So, it’s 12:30 AM. I’ve just finished the required reading, and the creative juices are flowing. I’ve also just finished the movie Fight Club, so I’m kind of in that “Think about everything, but do nothing at all important” kind of mood that I get in when I actually watch deep, involving movies like that.
Lately we’ve been discussing the concept of a “conversation” between companies and consumers. For the longest time, it’s been accepted that the businessmen of large corporations were on a higher plane than the average person. They’re gods that provide us with our vehicles, and movies, and furniture, and Spaghettios, like manna from Heaven, or something. They can’t be touched. If they say something, we’re going to follow it, because they’re untouchable. Send in a letter? If they even waste company time to read it, it’ll be in the shredder labelled “complaints” within the next four business days.
Although I’m in risk of sounding like the stereotypical college student, promoting Anarchy and whatnot, I will still make the metaphor that that world is under a sort of totalitarian-rule dystopia, where the man in the biggest tower is king, and his servants provide the product to his peasants. If anybody’s unhappy, then it’s treason. That peasant is nullified in one way or another, and life goes on as things were.
Thankfully, today is much different than that. We have entered an age where the top corporations are on the same level as the common man. As companies fall into the trend of social media, they are starting to realize that they’re playing in the common man’s playing field. They’re playing by our rules, and they know it.
This means that they are being forced to recognize us as equals. We’re not children to be talked down to. We know what we’re buying, and we know that we can visit any one of their competitors at the click of a mouse.
We have power now.
With simple blog posts, and the right amount of exposure, a single person can affect business, crippling companies a significant amount. It doesn’t happen often, but even if the blog doesn’t change the company, it can certainly change the buyers’ opinions.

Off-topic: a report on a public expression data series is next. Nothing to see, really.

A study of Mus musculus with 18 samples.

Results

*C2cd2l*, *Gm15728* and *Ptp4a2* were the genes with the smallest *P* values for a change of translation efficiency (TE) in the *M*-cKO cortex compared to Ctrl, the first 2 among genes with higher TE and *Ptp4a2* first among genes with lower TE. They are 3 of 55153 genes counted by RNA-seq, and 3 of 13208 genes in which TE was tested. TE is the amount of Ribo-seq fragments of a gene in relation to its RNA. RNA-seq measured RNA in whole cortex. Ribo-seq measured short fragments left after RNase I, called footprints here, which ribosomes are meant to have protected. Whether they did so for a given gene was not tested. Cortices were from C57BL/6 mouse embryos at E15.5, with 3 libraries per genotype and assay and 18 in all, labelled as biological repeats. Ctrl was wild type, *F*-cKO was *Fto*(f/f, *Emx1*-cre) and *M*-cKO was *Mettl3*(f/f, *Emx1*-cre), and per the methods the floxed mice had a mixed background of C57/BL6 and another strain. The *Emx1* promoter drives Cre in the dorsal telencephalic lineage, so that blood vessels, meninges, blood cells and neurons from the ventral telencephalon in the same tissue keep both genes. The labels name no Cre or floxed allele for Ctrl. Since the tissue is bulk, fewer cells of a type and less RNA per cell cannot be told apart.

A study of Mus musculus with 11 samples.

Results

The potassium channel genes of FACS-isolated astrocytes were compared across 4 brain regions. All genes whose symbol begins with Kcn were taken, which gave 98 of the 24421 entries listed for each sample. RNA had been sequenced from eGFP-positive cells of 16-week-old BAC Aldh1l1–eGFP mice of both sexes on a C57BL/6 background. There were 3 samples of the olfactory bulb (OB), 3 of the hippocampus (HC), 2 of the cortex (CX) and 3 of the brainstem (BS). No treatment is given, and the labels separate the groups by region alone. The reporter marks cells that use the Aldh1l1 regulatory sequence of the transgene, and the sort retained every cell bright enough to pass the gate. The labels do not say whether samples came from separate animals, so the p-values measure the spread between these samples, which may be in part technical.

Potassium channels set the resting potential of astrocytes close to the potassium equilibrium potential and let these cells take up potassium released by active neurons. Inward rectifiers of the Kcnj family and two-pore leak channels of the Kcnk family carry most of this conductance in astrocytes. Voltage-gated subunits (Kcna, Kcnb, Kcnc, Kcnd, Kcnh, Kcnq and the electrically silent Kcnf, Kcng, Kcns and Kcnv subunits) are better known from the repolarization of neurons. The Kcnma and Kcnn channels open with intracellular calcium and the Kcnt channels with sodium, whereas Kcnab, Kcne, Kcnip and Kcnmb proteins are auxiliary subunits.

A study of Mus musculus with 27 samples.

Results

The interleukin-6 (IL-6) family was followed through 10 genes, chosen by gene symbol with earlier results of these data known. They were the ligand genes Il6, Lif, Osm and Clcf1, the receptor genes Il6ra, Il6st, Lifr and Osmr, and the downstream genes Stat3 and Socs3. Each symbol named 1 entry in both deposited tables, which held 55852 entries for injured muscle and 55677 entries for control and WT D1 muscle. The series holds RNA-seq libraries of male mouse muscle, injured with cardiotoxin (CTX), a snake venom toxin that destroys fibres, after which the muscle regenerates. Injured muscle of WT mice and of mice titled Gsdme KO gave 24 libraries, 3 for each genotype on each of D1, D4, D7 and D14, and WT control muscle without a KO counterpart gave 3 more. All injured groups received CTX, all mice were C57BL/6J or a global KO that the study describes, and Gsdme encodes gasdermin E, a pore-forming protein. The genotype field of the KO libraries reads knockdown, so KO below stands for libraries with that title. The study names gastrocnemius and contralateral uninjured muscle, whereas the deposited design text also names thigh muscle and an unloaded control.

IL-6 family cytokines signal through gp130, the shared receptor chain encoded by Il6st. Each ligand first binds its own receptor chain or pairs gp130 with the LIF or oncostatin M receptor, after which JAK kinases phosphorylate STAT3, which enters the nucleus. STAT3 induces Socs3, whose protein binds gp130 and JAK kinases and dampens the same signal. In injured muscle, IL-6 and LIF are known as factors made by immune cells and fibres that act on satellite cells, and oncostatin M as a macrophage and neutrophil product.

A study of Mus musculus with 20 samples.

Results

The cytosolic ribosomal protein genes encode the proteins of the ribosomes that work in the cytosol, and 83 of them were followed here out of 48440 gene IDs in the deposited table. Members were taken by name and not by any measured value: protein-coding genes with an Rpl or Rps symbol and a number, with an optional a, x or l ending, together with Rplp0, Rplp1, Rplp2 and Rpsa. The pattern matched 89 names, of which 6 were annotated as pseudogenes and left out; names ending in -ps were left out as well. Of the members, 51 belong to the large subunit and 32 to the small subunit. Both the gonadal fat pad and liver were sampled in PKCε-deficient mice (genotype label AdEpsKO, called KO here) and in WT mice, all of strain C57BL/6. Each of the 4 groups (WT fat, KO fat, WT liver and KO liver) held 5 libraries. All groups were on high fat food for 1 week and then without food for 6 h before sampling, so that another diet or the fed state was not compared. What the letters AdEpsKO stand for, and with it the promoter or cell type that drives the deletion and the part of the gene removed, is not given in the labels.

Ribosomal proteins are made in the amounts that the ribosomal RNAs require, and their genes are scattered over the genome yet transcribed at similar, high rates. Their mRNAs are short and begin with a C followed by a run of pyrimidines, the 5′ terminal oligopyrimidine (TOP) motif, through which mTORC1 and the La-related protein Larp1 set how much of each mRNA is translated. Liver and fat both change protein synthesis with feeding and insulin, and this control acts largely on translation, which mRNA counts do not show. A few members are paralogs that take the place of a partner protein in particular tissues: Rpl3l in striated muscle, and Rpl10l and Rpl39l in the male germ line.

This article below echoes Dr. Codone’s in-class point about shoppers being influenced by blogs:
Businesses are finally starting to recognize us as something more than statistics. They’re starting to understand that, naturally, we human beings want to feel special. We don’t want to be coddled – we want a friend with a big name. Many corporations are already playing the game, with many posts being less and less formal. Taco-bell is a great example. They know that a large part of their audience is poor college kids. With that in mind, they put off a very chilled out, kind of “hip” air to their media interactions.
Dasani had a huge joke about “bacon-flavored Dasani Drops,” for April Fool’s Day, last year. The internet loved it. Mr. Clean is a great person to “like” on Facebook. I don’t remember when I ‘liked’ that page, but constantly I’m reminded of why I don’t un-click.
We want businesses to think like we do – to act like we do. Spencer’s Gifts is known for their very laid-back approach to professionalism (to put it nicely). They’ve had spunk for years, and it’s earned them a strong and loyal fan-base. Should more companies join this more relaxed approach?
Obviously not everybody appreciates Spencer’s, due to the whole “Sex, Drugs, and Rock ‘n’ Roll” attitude they have. Of course your mileage may vary, but the truth is that nobody likes being so professional that they’re walking on egg-shells all day long.
There is a time and place for everything, so keep professionalism in courts and emergency rooms. Social Media is just that – Social. This is the place to cut back, loosen your neck-tie, let your hair down and slip into something comfortable. A modern business should be, at best, a friend. At least, a cool uncle. They need to woo people, and they can’t do that with business models or blatant marketing.
It’s time for businesses to attain identities, and to become people too. The market is evolving, and it’s becoming a lot more relaxed. If companies can’t manage that, then consumers are going to keep treating them like the stone slabs that they’re trying so hard to be.
Conclusion: Samsung’s representative understands.